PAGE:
I'm switching things up this time around by having my husband, Trevor (a.k.a. my personal accountant/CFO for Heritage), share some tax wisdom with you all! He works as a tax accountant and seriously loves what he does. He is known to geek out over Excel spreadsheets and loves making accounting a bit more understandable for the rest of us.
I often tell people that my husband and I have created a great partnership with Heritage Creative Co. - I think I get to do the fun side (all things creative as the designer) and my husband would argue that he actually gets to do the fun side.
I know the financial parts of owning a small business can be overwhelming so I thought I would have him write a blog post specifically on deducting small business expenses and getting yourself set-up for filing your taxes (stay tuned for more filing tips as tax season approaches).
Take it away, Mr. Heritage!
If you ever have an accounting exam that has multiple choice questions, here’s a hint: The right answer will never include the words “always” or “never”, because there are always exceptions in the world of tax. So to make this blog post sound nothing like you’re reading the tax code, I won’t mention every scenario where things may apply differently and use words like “Typically” and “Usually”.
If you own a small business, you’ve probably wondered which items you can deduct. Here are some common items that often come up around tax filing season.
1. Cell phone
If you do business on your phone, part of its cost can be deductible. Typically you would estimate the percentage of its use that is used for business and deduct that amount of the phone cost, including the actual phone cost and monthly data charges.
2. Mileage/Actual Car Expenses
If your home is your main place of business, you can deduct the greater of mileage driven for business or actual car expenses. Unless you use your car solely for business, you’re typically going to have a hard time supporting that your actual gas expense was 100% for business purposes. It’s much easier to show records listing mileage for business trips. Business miles can be deducted at 58 cents per mile for 2019 so it usually ends up being a better deduction doing mileage instead of actual expenses.
3. Home Office
This deduction is one that is commonly misunderstood and can signal a red flag to the IRS if done incorrectly. The IRS allows a deduction for the exclusive and regular use of a home office. You can’t use the office space for personal use to qualify for the deduction. Your home has to be your principal place of business. There are two methods of calculating the home office deduction. The first is to multiply actual expenses (rent, utilities, etc.) by the percentage that your home office is compared to the entire home, as determined by square footage. Was that confusing? The second method simplifies things. Rather than calculate the actual expense the IRS allows a safe harbor deduction of $5 per square foot of the home office. A “safe harbor” essentially means that the IRS won’t question it. If you qualify for the deduction and want to calculate out the amount of actual expenses that should be apportioned and it ends up greater than the safe harbor and you have support for it, by all means deduct the actual expenses. It is typically easier and ends up being more beneficial to do the safe harbor method.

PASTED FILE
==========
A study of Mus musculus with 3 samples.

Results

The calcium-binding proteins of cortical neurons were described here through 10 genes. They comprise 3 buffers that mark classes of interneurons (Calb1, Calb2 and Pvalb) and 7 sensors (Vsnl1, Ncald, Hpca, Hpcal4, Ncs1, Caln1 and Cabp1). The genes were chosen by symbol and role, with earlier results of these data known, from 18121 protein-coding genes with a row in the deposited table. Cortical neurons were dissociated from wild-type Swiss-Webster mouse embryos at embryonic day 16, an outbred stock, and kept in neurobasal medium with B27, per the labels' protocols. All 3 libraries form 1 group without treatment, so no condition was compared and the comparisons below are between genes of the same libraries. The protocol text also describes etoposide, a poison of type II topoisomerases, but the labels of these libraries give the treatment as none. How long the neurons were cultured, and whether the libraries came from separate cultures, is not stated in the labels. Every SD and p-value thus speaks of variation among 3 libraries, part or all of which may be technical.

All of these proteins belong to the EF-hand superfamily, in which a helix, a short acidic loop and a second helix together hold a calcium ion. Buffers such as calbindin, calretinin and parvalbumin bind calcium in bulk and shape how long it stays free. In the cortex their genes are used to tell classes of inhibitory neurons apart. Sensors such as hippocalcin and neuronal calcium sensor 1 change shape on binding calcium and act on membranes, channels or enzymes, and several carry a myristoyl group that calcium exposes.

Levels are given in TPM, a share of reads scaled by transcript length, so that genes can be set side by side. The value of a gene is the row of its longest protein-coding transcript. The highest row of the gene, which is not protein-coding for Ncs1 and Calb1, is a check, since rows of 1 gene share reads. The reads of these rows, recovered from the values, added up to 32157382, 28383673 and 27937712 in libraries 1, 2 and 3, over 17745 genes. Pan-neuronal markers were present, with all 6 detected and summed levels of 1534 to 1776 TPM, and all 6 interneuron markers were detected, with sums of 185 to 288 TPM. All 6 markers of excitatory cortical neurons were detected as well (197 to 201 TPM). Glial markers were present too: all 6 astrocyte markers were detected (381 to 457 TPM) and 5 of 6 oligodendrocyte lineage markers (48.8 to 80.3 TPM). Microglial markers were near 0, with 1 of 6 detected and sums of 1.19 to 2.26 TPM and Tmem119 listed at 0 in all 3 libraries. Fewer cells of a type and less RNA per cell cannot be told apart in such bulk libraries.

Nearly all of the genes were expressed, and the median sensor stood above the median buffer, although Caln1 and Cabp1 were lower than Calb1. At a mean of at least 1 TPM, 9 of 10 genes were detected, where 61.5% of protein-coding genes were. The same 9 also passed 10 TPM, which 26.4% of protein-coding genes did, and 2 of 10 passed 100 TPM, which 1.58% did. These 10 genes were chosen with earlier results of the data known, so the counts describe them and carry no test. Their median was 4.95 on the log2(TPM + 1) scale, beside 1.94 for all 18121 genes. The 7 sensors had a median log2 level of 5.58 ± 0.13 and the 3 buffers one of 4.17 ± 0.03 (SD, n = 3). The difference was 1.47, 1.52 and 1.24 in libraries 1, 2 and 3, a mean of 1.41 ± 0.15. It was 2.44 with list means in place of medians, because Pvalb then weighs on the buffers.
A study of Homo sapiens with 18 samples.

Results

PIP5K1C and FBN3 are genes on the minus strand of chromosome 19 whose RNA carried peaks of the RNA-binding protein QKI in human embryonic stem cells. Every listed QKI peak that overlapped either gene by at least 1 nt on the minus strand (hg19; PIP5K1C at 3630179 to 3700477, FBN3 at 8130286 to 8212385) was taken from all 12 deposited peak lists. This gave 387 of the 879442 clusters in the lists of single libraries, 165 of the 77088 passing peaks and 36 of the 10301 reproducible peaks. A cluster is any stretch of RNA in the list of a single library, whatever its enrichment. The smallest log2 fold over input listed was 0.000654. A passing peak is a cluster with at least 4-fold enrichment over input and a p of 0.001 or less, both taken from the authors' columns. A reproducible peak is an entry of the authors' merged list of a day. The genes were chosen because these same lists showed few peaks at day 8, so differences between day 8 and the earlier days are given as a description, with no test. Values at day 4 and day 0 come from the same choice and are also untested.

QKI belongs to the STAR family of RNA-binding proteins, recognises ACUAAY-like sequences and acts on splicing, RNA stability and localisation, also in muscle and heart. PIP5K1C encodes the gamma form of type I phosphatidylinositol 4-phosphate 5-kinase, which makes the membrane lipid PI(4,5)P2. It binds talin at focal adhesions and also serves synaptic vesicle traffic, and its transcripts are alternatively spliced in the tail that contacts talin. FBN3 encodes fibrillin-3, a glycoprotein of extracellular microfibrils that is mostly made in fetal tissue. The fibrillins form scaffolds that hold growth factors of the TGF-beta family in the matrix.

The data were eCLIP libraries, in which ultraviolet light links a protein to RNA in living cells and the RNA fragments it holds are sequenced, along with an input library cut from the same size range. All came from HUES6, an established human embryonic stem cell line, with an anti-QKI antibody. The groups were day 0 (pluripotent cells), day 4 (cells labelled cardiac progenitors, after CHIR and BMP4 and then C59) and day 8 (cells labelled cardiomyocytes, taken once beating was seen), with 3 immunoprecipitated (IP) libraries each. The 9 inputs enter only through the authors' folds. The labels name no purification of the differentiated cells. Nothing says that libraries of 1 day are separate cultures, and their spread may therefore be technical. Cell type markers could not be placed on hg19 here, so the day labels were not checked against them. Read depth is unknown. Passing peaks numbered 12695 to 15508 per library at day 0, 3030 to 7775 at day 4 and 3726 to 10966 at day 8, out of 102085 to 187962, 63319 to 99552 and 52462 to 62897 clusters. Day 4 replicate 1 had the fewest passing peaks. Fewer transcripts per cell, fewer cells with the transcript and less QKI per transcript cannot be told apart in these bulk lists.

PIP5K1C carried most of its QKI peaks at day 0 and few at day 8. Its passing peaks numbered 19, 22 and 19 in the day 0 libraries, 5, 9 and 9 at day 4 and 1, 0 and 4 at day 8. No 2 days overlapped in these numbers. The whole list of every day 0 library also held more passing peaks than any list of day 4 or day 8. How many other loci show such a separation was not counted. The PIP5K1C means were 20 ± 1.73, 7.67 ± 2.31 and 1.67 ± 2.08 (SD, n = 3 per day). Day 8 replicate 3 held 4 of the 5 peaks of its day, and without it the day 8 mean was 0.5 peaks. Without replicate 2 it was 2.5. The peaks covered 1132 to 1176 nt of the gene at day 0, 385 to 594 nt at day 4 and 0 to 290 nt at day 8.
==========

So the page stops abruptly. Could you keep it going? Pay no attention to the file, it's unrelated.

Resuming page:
Food and drink are only 50% deductible. There is no such thing as a free lunch.
Entertainment (tickets to shows/events, etc.) are not deductible.
6. Bonus Depreciation
Certain purchases that provide benefit over multiple years are required to be capitalized (i.e. deducted over multiple years instead of fully in the year of purchase). Examples would be a computer or printer. Starting in 2018, all assets (for purposes of a small business) can be fully depreciated in the year of purchase through 100% bonus depreciation. So if you buy a computer and expense it as a supplies expense this would be technically incorrect, versus adding it to your depreciation schedule and deducting it via bonus depreciation. Both get the full deduction in the first year so it may not actually change the tax due on your return. However, any way to reduce the chance of the IRS flagging your return is a good thing.
Feel free to comment on this blog post or on the Heritage Instagram if you have further questions. I’ll calcu-later (for those Parks & Rec fans)!